I’ve been working on my “issues” of late.
My issues/baggage/neuroses/problems/mental clutter/obsessions/afflictions have been constant companions throughout my adult life. I am so comfortable with most of them, that I’m not even sure who I would be if they went away (and isn’t that the problem we all have?).
Despite the fact that they caused me upset, grief, resentment and anger I carried on, persisting with these emotional patterns, over and over.
Something has happened though. Well, a combination of things.
My recent miscarriage, of all things, seems to have grounded me. And in the tender, impressionable days following my loss I read two books: Mind Over Medicine by Lissa Rankin and Sacred Fire by Kino MacGregor.
This seemingly innocent trio has started an avalanche. First came the realisation of how negative and bitter my thoughts had become. Then the revelation that my thoughts (and consequent high levels of stress) could be affecting my health. Then the slow belief that we can change our thoughts because they are just thoughts.
The morning I woke up in the hospital, I started keeping a list of gratitudes. The first thing I wrote was:
That I am alive.
I’ve added many, many things to that list since then.
Being grateful really does make me more inclined to notice the good. It helps me see the things that I should be appreciating.
But not only that.
I’ve been working, practicing seeing old hurts in a different light. In the light of forgiveness.
At first it felt wrong, and strange, like something terrible might actually happen if I let go and accepted things for how they were.
But as the days have drawn on and I’ve kept up that openness inside me, things have stared to shift. I have been meditating, just quietly being in my own body, almost every night. I have started practicing yoga – something I had always dismissed, but which seems to have opened up a new path for me. I have even held a small private ceremony where I burnt pieces of paper that contained old hurtful thoughts (yes, even for me that’s a little weird, but hell, you should have seen those papers burn).
I always thought that getting over emotional issues was something that just happened one day, when you were ready, or when life was right, or when cosmic justice dished out an appropriate punishment for the offender.
It doesn’t. You get over an emotional issue when you are ready to let it go.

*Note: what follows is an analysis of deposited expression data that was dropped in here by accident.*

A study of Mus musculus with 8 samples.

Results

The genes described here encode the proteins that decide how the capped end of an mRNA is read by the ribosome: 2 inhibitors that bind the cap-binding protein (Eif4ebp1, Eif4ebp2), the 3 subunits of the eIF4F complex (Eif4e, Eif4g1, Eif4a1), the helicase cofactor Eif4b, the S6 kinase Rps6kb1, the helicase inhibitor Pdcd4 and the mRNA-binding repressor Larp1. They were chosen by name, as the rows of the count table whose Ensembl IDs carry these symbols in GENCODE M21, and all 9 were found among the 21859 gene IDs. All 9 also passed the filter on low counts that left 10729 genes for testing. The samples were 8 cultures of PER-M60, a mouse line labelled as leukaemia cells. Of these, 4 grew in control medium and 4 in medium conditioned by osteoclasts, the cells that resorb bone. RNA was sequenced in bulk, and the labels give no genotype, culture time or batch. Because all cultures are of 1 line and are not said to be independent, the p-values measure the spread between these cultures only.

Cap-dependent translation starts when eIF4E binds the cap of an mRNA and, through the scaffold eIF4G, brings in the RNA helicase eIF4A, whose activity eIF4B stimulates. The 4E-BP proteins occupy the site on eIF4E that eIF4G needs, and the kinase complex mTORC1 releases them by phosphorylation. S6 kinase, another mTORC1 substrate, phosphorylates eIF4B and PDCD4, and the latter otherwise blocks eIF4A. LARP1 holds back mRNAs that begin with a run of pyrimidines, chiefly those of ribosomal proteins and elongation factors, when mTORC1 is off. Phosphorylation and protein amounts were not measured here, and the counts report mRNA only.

No one else can help you, or do it for you.
Letting go is not easy. Sometimes I have a moment of fear or doubt, that somehow I am weak or gullible for not having that hurt inside me to remind me of the pain of trusting the wrong person. But then I realise that releasing old hurts and moving on doesn’t have to erase the lessons I have learnt from them.
I can still be me, but without the pain.
So each day, I step a little further into the light.
It is terrifying and wonderful all at the same time. Who am I if I am not who I think I am?
I know I could, at the drop of a hat, run back into the darkness. If I stop being mindful of my emotional state, it will slip back into old habits. Ingrained patterns of thinking do not disappear overnight.
So I will keep writing my gratitudes each day, and I will keep giving myself the gift of mental quietness, and I will keep my heart open, because with practice, emotional peace will eventually settle. It will become a habit. A habit that will change everything on the inside.
And for that, and the realisation that change is directly within my reach and under my control, I am also grateful.
Kino MacGregor posted this on Instagram today:
“Practice Santosha, contentment, and learn to be at peace with yourself and the world around you. After many years of practice you will get saumanasya, the cheerful, joyful yogi’s mind. Cultivating love for all aspects of your life is the essence of yoga and when it is perfected you will have a happiness that shines forth regardless of what lies out on the horizon. I didn’t invent this, it’s straight out of Patanjali’s Yoga Sutras, Book II 😊“
Emotional peace really does take practice.